Many see the 2015 Paris Agreement as the turning point in the fight against global climate change, but it was only the beginning of our journey to achieve a healthy, habitable planet. The global accord, ratified by 170 nations, lays out a multi-year road map for limiting a global temperature rise well below 2 degrees Celsius warming. However, right now, our current efforts have us track to reach a 3 degree warming world characterized by much more extreme weather, coastal flooding, and other dangerous impacts. Clearly, more ambitious climate action is needed.
How does COP23, the most recent United Nations Climate Change Conference, fit into this road map to higher ambition? And what happens next with the upcoming climate summits in California, France, and Poland?
Here are the major milestones you need to know:
November 6-17, 2017
Under the Presidency of Fiji, nearly 200 nations came together to advance a detailed rule book for the 2015 Paris agreement. The rule book, due by December next year, covers aspects such as how to report and monitor each country’s emissions. Delegates also agreed to launch a process in 2018 to start reviewing existing plans to limit emissions, called the “Talanoa Dialogue,” after a Fijian word for story-telling and sharing experiences. In short, COP23 was a step in the right direction, creating the conditions for increasing ambitions.
‘One Planet’ Summit a.k.a. President Macron’s Climate Summit
December 12, 2017
Just a month after COP23 and on the second anniversary of the Paris Agreement, President Macron will convene over a hundred countries, as well as non governmental organizations, to focus on the role of climate finance. The summit will also offer an opportunity to reflect upon outcomes of COP23 and address implementation issues.
California’s Global Climate Action Summit
San Francisco, California
September 12-14, 2018
For the first time ever, a U.S. state will host an international climate convening. Here, non-state actors, such as cities, states, businesses, universities and more will take the spotlight to demonstrate how they building momentum for the Paris Agreement. Ultimately, the summit aims to identify and accelerate ways these actors can give their countries confidence moving forward.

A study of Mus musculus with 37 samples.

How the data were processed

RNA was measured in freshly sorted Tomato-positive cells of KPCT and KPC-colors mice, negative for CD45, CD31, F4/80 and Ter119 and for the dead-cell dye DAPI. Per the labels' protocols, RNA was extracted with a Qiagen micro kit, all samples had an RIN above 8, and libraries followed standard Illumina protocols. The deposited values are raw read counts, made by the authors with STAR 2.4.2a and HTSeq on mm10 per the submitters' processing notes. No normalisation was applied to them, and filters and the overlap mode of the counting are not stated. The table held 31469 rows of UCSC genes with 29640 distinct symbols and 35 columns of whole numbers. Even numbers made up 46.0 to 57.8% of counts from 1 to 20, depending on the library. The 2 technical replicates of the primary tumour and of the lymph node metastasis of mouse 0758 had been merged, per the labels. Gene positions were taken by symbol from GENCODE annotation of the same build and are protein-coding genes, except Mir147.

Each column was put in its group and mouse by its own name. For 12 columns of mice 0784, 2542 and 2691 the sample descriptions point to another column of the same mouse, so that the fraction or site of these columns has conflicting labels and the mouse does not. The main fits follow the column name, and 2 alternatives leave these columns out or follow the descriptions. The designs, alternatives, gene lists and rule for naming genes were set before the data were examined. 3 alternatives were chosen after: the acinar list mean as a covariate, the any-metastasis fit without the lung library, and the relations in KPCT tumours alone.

See the COP23 discussion previewing the Global Climate Action Summit here:
December 3-14, 2018
At COP24, the Paris rule book for enhanced action comes into play. Delegates will meet again to revise upwards of national climate action plans, known as NDCs, needed to put the world on track to meet short-term and long-term Paris Agreement goals.
Secretary-General’s Climate Summit
New York City, New York
2019, exact date TBD
Ahead of COP25, United Nations Secretary–General António Guterres will convene heads of state and government to enhance climate leadership. The meeting will build informal coalitions in key areas as well as outline steps towards an accelerated economic transformation that both drives down emissions and fosters sustainable development.
November 11-22, 2019
In 2019, countries will prepare and finalize their enhanced plans for emissions reductions due by 2020. Non-state actors can prepare their own enhanced contributions to support countries’ NDCs.
November 9-20, 2020
2020 will be a momentous year for the Paris Agreement – the true test of the global accord’s strength. At this point, countries will officially submit their enhanced ambitions to reduce emissions. To secure a safe and prosperous world, reductions must be significant enough to peak global emissions around this deadline. Thus, the outcomes from 2020 will set the tone for our efforts to combat global climate change onward in the second half of the century.
Although the road ahead may seem daunting, with many strict deadlines, these milestones present important opportunities for our world to come together and solve the global climate challenge. After all, the destination for a sustainable, healthy and thriving planet for people and ecosystems alike is well worth the journey.